The prolific family of
combat planes built in the Soviet Union by Semyon Alexseyevich
Lavochkin (its first notable exponents were the LaGG-1 and the LaGG-3)
was enriched toward the end of 1941, by a new version, in which the
Russian technician succeeded in expressing the full potential of his
initial project. The factor which gave a new life to the mediocre
LaGG-3 was the installation of a radically new engine, the 1,700 hp
Shvetsov M.82 radial. When this engine was installed in place of the
liquid-cooled Klimov M-105P, it transformed the aircraft into a
first-class machine. The La-5, as it was designated, became one of the
best Soviet fighters of the entire conflict.
Semyon Alexseyevich Lavochkin, Head of the Lavochkin Design Team
Right from the first
tests, which began toward the end of March 1942, it became clear that
the new variant was a marked improvement over the basic model. The more
powerful engine and lighter weight (obtained by eliminating the cooling
systems) compensated for the increase in the front section (and the
consequently greater aerodynamic resistance) due to the space occupied
by the large double radial engine. The new variant also allowed for a
remarkable increase in performance which, in horizontal speed alone,
improved by almost 25 mph (40 km/h). The new power plant was installed
in the LaGG-3 in May 1942. This modification gave rise to a
transitional aircraft, designated LaGG-5, which was replaced a few
weeks later by the definitive La-5 modes. In this aircraft, the
fuselage rear trunk was lowered in order to allow for the installation
of a canopy providing 360 degree visibility.
new fighters were sent immediately to the units, and production
continued at a fast rate. By the time of the Battle of Stalingrad, the
La-5 was being used on the whole front. Nevertheless, the aircraft
still had to be perfected. Its performance could not be compared with
that of its principal German rival, the Messerschmitt Bf-109G.
Consequently, Lavochkin carried out a series of studies to improve the
aircraft's characteristics and his work led to the creation of a second
variant, the La-5FN, which became the principal production model. As
well as the adoption of M-82FN direct injection engine (capable of
generating 1,850 hp) and overall aerodynamic improvements, the designer
changed from an entirely wood airframe to one that was mixed (metallic
spars were used for the wings). In addition, he improved the control
surfaces, thus decidedly increasing the fighter's manoeuvrability. The
La-5FN was delivered to the units in 1943. By October 1944, about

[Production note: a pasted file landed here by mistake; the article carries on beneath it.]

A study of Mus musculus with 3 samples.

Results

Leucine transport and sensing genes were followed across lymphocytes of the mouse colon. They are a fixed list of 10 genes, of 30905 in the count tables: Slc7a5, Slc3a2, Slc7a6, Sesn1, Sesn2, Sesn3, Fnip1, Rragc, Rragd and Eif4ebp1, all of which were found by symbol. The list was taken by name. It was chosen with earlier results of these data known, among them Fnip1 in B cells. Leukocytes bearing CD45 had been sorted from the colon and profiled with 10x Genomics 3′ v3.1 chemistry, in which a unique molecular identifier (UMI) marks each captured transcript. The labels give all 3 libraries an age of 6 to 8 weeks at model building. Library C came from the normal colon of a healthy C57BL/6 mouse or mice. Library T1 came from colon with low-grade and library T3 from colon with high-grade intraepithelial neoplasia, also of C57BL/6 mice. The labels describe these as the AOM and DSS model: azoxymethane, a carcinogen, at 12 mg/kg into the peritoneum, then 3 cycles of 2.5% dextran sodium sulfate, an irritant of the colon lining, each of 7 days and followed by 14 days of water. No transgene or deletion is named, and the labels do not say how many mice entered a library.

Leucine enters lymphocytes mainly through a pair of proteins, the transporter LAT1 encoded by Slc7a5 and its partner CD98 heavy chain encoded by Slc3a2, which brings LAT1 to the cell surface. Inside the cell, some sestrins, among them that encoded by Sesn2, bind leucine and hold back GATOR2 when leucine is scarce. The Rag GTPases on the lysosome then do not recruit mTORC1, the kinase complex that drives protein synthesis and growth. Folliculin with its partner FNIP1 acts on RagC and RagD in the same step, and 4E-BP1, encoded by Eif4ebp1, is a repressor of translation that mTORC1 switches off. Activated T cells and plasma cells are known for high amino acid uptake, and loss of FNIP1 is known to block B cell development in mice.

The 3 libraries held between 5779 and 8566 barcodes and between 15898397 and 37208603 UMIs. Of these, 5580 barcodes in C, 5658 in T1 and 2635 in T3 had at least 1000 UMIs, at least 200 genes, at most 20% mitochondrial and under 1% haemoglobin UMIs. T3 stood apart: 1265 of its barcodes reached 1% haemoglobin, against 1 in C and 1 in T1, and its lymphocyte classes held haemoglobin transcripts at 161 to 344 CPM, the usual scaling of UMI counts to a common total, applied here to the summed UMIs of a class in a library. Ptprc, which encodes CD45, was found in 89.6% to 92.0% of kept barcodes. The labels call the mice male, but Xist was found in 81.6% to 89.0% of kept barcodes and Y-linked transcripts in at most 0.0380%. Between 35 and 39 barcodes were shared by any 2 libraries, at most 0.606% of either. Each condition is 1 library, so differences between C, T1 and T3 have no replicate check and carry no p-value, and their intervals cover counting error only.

10,000 had been completed. These remained in service for the rest of
A two-seater training
version was also built (designated La-5UTI it appeared in August 1943),
characterised by the installation of two cockpits (placed close
together) with separate sliding canopies. These aircraft were
distributed to the units and proved extremely useful in training pilots
in what perhaps remained the Lavochkin fighter's only serious fault:
its difficult handling during takeoff and landing. In the spring of
1944, the first aircraft of a new, improved, and more powerful variant
began to leave assembly lines. This was the La-7 which served in its
turn for the subsequent developments that resulted in the La-11. The
latter appeared immediately after the war. It was the only fighter in
the Soviet Air Force to have a piston engine.
from the Lavochkin LaGG-5 with a cut down rear fuselage.
Due to the fact the
standard La-5 was still outperformed by the Bf-109G-2, efforts were
made to reduce weight and drag and to provide more power. The La-5FN
introduced metal wing spars and reduced fuel capacity for weight
saving, a higher rated version of Shvetsov engine and wing slats to
improve combat manoeuvrability. Build in numbers approaching 10,000 it
served primarily as a fighter bomber.
A two seat trainer
1,850 hp (1380 kw) Shvetsov M-82FN (Ash-82FN) 14-cylinder radial, air
Maximum speed 401 mph (647 km/h) at 16,447 ft (5000 m); service ceiling
31,250 ft (9500 m).
Range: 475 miles
(765 km) on internal fuel.
6,174 lbs (2800 kg) with a maximum take-off weight of 7,409 lbs (3360
32 ft 2 in (9.80 m); length 28 ft 3 in (8.60 m); height 8 ft 4 in (2.54
m); wing area 188.37 sq ft (17.50 sq m).
Armament: Two 20
mm ShVAK cannon with 200 rounds per gun plus two 220 lbs (100 kg)
(initial prototype with the 1700 hp (1268 kw) Shvetsov M-82 radial
engine), La-5 (new designation given to the aircraft with a cut down
rear fuselage), La-5FN (lighter weight and the introduction of the
1,850 hp (1380 kw) M-82FN engine), La-5UTI (designation for high
altitude interceptor. This would lead to the La-7).